Anti-globalization: The World Social Forum
Whilst the representatives of the rich were junketing in Davos at the World Economic Forum, the representatives of the poor were meeting at the World Social Forum in Kenya. The six-day event in Kenya did not attract much international media attention. What is the World Social Forum? What are its topics of concern and why is it significant?
Globalization is the spirit of the times but the term is a euphemism for if we are to spell it out what we are essentially talking about is the globalization of capitalism. Capitalism has its strengths and weaknesses: it is good at producing wealth; it is good at product innovation and responding to relative scarcities; it is not so good especially in the sort-term at an equitable distribution of new incomes and it has a tendency (recognized by Adam Smith and also by Karl Marx, who nonetheless admired its transformative energy) to produce monopolies. Analysis of the downside of economic development and the division of labor started with Smith and continued with Marx. Social critics in Victorian England such as John Ruskin pointed out the significance of welfare, the right of workers to be healthy and to live in sanitary conditions and to receive an education that helped them develop their humanity rather than simply to be useful to capitalist production. Above all, Ruskin reminded his middle-class readers that we have only one life to live and whilst it is important to look to long-term development, present inequalities and present injustices matter. Economic change can not simply be about more production but must also be about enhancing the quality of human existence.
The World Social Forum is an attempt to provide a framework in which those concerned with the plight of poor people in the context of global economic development can make their voices heard. It is intended to be an open-space wherein those grappling with issues of social and economic justice as well as sustainable development can articulate their concerns. Ideally it should allow poorer people engaged in social action to speak to the wider world. It has been criticized by traditional leftist movements for being vague and ineffective and for being dominated by Non-Governmental Organizations rather than by the direct representatives of the poor. It has been criticized from the right as ignoring the fact that in the long-run market-led growth has positive outcomes with respect to incomes, welfare and liberty. It reminds the world that the poor need attention now and has adopted as its mission that notion that ‘Another World is Possible’.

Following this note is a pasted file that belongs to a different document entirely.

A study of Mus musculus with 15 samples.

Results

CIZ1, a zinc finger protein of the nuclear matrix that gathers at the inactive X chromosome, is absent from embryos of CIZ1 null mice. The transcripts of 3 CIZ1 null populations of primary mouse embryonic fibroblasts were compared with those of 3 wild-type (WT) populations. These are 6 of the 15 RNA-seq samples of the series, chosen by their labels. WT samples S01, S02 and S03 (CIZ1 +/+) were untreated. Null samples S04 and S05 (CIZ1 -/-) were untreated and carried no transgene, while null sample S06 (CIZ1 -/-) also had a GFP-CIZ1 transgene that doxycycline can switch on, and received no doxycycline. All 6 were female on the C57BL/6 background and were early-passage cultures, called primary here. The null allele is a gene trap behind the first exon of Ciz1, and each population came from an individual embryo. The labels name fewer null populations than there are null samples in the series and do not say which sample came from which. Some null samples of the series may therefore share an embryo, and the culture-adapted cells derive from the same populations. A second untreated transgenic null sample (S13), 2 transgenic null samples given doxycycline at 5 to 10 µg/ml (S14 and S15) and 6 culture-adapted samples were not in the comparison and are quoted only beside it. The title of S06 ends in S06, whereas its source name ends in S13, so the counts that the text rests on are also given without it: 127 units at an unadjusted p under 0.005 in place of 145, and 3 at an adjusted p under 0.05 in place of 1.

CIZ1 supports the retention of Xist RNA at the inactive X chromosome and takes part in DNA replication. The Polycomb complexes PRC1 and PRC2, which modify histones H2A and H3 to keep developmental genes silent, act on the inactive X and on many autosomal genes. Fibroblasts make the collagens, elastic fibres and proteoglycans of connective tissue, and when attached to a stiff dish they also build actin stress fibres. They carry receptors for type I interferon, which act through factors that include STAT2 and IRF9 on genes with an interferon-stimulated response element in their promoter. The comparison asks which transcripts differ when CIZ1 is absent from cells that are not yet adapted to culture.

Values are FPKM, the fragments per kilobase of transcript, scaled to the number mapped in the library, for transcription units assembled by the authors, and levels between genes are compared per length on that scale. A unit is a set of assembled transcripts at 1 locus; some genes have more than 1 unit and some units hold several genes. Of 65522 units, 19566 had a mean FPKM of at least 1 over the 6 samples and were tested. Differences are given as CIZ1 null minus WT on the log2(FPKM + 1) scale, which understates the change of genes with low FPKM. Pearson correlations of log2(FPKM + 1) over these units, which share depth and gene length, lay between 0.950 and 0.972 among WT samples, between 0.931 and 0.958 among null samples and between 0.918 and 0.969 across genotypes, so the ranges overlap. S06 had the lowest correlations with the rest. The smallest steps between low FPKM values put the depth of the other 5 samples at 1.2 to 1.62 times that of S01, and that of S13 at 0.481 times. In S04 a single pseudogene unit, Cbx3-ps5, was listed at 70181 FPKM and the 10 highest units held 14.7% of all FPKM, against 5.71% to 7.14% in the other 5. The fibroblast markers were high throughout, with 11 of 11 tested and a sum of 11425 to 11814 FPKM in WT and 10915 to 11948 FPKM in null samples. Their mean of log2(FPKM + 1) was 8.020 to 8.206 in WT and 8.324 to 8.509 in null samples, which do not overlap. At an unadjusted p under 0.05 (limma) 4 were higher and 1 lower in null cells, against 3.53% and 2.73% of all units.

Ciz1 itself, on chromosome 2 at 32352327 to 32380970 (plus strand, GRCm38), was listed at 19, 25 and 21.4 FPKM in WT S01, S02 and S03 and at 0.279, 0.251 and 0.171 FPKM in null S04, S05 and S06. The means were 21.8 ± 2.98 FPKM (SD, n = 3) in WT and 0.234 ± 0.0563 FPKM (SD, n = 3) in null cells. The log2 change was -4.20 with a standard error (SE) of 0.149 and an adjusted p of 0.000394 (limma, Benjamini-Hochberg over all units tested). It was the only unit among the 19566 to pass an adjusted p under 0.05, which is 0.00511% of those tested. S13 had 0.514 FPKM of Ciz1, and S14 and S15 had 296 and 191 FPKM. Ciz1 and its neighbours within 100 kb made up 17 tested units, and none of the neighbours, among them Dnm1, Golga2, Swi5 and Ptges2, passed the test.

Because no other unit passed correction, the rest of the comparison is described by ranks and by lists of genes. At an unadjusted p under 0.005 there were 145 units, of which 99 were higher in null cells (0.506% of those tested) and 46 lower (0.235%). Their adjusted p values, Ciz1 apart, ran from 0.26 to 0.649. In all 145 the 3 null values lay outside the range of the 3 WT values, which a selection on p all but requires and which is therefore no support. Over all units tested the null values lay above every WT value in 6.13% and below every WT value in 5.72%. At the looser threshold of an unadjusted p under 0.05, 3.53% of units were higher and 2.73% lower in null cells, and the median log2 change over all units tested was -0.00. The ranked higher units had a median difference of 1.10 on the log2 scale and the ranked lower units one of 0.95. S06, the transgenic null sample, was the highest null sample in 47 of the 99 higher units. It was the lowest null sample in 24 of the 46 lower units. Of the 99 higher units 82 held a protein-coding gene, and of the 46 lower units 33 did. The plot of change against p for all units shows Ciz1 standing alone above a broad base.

Any economic change has winners and losers. This is as true of a fall in the dollar exchange value in the United States (exporters benefit and importers are penalized) as it is with respect to the plight of (say) hand-loom weavers in India as a result of China’s strengths in textile production. In theory, if we are looking at economic change through the lens of economic welfare, change is to be promoted in the incomes of those who benefit are greater than the losses to those who miss out, making compensation possible at least in theory. A problem is that with the rate of change in some countries being so rapid, the poor are brushed aside in the rush to domestic economic growth. International measures for compensation are also weak. Think just how long it has taken for debt-relief to be discussed and applied. The World Economic Forum is aware of this and have attempted to look at the plight of those who miss-out as a result of (what I would wish to call, partial) globalization (Sub-Saharan African is largely untouched by the modern phase of globalization; agriculture remains regulated even if Doha round is successful and there is no world-wide market for labor services). The World Social Forum, whatever its organizational problems, is consistently focused on airing the issues that relate directly to poor people and this gives a sense of urgency that may not always be felt elsewhere. The criticism that it is too focused on Brazil and Latin America was partly answered by the fact of the Kenyan meeting. The downside of globalization will usually be experienced as particular problems in particular places and will often require a change in domestic policy. However the problems will share common features with problems elsewhere and hence allow for the possibility of learning from sharing as well as raising the possibility of greater effectiveness in the communication of concerns to global institutions such as the World Bank. It seems unfortunate that the issues that motivated the World Social Forum in Kenya were largely ignored by the international press. In the interest of building global partnerships for development, dialogue would help.